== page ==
Exakat 1.2.4 review

Exakat 1.2.4 features a special report ‘Confusing variables’, that help readability by reducing the number of look-alike among variables. Several bugs were also hunted and get rid of. In the same time, we have some more recommendations about memory usage. It is a bright cold day in April, and the versions are striking 1.2.4: the Exakat 1.2.4 review.

Out of memory error

Exakat uses very little memory by default. It will stop when it reaches PHP or Gremlin memory limits. This prevents very long processing time, in particular when one is starting to use it. Exakat has to be configured with two directives to run with larger codebases.


By default PHP CLI is limited to 128M which is OK for the smallest sources. It is advised to set memory_limit to -1, aka unlimited. If still want limits with PHP, just in case, give PHP-cli 2G of RAM, and it should be enough for any codebase.


Exakat makes uses of gremlin server. Gremlin runs with Java, and its memory limit can be configured with the $JAVA_OPTIONS.

Set the variable before starting Exakat. For example: export JAVA_OPTIONS="-Xms32m -Xmx1512m";. Xmx is the option that controls the maximum amount of memory : here, it is set to 1,5G, or 1512Mb.

By default java runs with 512M of RAM, which is good for smaller projects, up to 200 files (your mileage may vary). Exakat has been tested with 15M tokens projects and it needs 6,5 Gb of RAM for that. A total of 8G of RAM is enough to audit the largest PHP open source code.

exakat doctor

Check that all is OK before running Exakat with php exakat.phar doctor.

Exakat 1.2.4 now reports an explicit message when it reaches out of memory error.

Reporting Closely Named Variables

Variable names are totally free in PHP: as long as you start with a $ and use letters, numbers, underscores and a wealth of other unicode characters, you can use pretty much what you want to name them. Yes, there are conventions to name variables, such as snakecase, CamelCase and UPPERCASE for globals.

Yet, it is infuriating to search for a bug and realize that $_attributevalue is not the same as $attributevalue1, $attributevalue2, $attributevalues, and that it was actually $_attributevalue.

Confusing variables

The Ambassador report (the default report of exakat) has a ‘Confusing variables’ section in the ‘Inventories’. It collects variables that are look-alike, and may be confused.

Variable names differ from each other by small amounts, that makes them hard to tell apart, if not paying close (sic) attention:

  • one _: $table_name and $tablename
  • one figure: $action, $action1 and $action2
  • Case only: $value and $Value
  • One letter: $sub and $stub
  • Inversion: $fieldtaxonomy and $taxonomyfield

More conventions?

As the results from this analysis emerge, some new patterns emerge. For example, numerous variables have a plural form, to manage list of items. For example, $rolenames and $rolename. Though, $idslist and $idlist tends to be hard to read.

Also, a lot of variables has an initial _ that may be a left over from older time, where variables were dubbed protected by merely adding an _ to its, and respecting it.

Moreover, some variables may differ slightly, but still look very different to the human eye: $_page, $lpage, $pager and $pages are good examples. They are build with a lot of similarities, but their usage in the natural languages (such as English, French…) makes them easy to part.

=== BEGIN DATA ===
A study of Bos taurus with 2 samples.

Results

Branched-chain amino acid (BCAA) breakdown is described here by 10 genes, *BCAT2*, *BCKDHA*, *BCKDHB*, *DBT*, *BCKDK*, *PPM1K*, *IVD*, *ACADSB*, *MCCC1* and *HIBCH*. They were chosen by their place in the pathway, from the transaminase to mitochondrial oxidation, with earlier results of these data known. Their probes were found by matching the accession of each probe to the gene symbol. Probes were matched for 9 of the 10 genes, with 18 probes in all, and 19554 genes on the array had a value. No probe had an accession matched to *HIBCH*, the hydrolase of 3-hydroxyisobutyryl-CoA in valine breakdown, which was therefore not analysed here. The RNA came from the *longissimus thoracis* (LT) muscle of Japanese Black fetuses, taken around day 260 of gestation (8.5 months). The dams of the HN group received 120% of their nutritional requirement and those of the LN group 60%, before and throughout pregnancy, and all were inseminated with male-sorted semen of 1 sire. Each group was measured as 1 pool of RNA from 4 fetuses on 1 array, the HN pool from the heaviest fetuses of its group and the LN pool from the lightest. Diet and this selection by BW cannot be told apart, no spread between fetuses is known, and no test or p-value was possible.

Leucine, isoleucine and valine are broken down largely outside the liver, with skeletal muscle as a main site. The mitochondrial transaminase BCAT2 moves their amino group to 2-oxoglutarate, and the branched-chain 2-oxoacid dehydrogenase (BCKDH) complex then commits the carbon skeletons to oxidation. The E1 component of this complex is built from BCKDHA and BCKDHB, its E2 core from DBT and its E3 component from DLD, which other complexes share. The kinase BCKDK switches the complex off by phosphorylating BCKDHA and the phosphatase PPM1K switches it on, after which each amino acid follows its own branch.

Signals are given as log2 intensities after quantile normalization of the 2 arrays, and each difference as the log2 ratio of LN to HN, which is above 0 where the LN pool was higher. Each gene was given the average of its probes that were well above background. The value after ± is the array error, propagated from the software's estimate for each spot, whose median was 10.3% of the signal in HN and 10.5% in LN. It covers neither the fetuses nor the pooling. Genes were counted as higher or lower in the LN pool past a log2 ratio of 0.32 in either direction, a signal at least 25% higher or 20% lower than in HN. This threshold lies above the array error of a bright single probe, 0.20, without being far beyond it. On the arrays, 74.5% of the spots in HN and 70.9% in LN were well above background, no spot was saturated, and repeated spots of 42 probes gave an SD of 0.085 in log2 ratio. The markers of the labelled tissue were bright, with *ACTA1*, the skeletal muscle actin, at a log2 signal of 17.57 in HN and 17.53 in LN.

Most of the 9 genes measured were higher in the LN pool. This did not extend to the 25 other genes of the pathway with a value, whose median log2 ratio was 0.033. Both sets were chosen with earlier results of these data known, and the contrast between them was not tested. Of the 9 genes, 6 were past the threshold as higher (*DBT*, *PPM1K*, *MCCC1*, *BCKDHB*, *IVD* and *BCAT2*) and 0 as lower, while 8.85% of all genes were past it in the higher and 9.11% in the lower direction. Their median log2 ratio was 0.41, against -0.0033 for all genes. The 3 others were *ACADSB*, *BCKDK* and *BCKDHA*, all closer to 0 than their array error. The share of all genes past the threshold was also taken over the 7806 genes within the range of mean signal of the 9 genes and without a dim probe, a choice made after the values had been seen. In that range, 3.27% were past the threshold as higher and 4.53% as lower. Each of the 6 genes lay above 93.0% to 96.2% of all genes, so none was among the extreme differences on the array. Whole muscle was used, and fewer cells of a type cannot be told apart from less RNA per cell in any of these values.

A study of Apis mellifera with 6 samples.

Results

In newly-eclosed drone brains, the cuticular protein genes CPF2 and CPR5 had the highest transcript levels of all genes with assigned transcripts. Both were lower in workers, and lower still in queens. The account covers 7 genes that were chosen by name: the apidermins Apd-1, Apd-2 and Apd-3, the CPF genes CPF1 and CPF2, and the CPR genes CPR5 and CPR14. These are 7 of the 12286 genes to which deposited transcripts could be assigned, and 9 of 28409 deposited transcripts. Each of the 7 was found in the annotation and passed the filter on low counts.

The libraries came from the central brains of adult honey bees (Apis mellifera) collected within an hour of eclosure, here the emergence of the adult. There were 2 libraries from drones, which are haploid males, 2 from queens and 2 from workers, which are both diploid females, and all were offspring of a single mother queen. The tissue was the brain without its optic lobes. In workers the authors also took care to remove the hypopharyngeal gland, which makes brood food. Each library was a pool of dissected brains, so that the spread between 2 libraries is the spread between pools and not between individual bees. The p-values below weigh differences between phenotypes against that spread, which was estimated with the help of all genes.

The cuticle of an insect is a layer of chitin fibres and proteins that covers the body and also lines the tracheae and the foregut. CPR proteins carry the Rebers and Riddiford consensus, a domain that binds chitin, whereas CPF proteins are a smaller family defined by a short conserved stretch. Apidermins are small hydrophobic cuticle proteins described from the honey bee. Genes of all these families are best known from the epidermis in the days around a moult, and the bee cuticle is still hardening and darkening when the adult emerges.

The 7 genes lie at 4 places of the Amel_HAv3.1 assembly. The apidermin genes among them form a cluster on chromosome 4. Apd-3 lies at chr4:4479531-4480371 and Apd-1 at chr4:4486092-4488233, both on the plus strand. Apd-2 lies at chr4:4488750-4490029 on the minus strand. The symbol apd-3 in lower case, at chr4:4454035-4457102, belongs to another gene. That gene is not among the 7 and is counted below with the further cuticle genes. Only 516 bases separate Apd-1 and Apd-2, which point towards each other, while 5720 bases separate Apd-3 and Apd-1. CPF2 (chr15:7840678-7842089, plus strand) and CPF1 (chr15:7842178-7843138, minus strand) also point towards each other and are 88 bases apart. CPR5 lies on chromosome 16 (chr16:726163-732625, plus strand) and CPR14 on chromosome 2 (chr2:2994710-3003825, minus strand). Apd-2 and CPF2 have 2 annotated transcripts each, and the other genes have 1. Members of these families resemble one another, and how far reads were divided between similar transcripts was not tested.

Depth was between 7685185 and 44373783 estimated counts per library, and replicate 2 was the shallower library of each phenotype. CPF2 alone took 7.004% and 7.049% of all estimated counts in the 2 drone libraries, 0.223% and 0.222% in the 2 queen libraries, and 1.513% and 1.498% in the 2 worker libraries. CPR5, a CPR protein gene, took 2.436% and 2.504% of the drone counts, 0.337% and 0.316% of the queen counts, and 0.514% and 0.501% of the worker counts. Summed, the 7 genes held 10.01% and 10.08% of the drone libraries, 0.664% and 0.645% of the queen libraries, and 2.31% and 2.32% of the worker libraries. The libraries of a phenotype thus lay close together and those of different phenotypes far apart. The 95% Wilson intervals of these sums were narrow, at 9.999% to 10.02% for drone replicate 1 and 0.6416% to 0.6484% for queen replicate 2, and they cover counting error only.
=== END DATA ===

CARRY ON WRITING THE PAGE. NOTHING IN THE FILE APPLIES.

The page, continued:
Finally, those variables may be used in very different files and context. Is it important to make $tablename consistent with $nametable in two distinct files, three folders away ? No, until the day someone has to review code in both files, and suddenly mistake one for the other.

The local Global

An ultimate issue that bites at inappropriate moments: local global. Those are variables that are usually global, but are only used locally in specific situation. Basically, it is global everywhere, but not here.

<code class="language-none"><?php

// $x is global
global $x;
$x = new mysqli($host, $user, $pass);

function foo() {
    // This is a local variable, 
    // and it is usually a connexion.
    $x = 1; 



With the scoping of variables, the code is completely valid. Yet, there is obviously some cognitive collision that is waiting to happen : Why is $x an integer, while it is usually the database connexion?

Just remember that while $_GET and $_POST are superglobals, and don’t need the global keyword, other such as $http_response_header do need the global keyword to be working inside a function.

Where to go from there ?

Like with any inventories, the information lies in the list. Read the list, and decide for yourself which variable’s name is too error prone. Chances are that most of not so bad, but quite a few requires a fix. Then, fire up your IDE, and rename them.

After all, $customsymbolsserialized and $serializedcustomsymbols may stay in the code and still be viable.

Happy PHP code reviews

All the 340 analyzers are presented in the docs, including the juicy Could Use Short Assignation: upgrade your code with this sleek assignation, that combine an operator, an assignation and memory optimization. It’s a Classic PHP bug, rating at 45%.

You can check all of the exakat reports at the gallery: exakat gallery.

Download Exakat on exakat.io, install it with Docker, upgrade it with ‘exakat.phar upgrade -u’ and like us on github.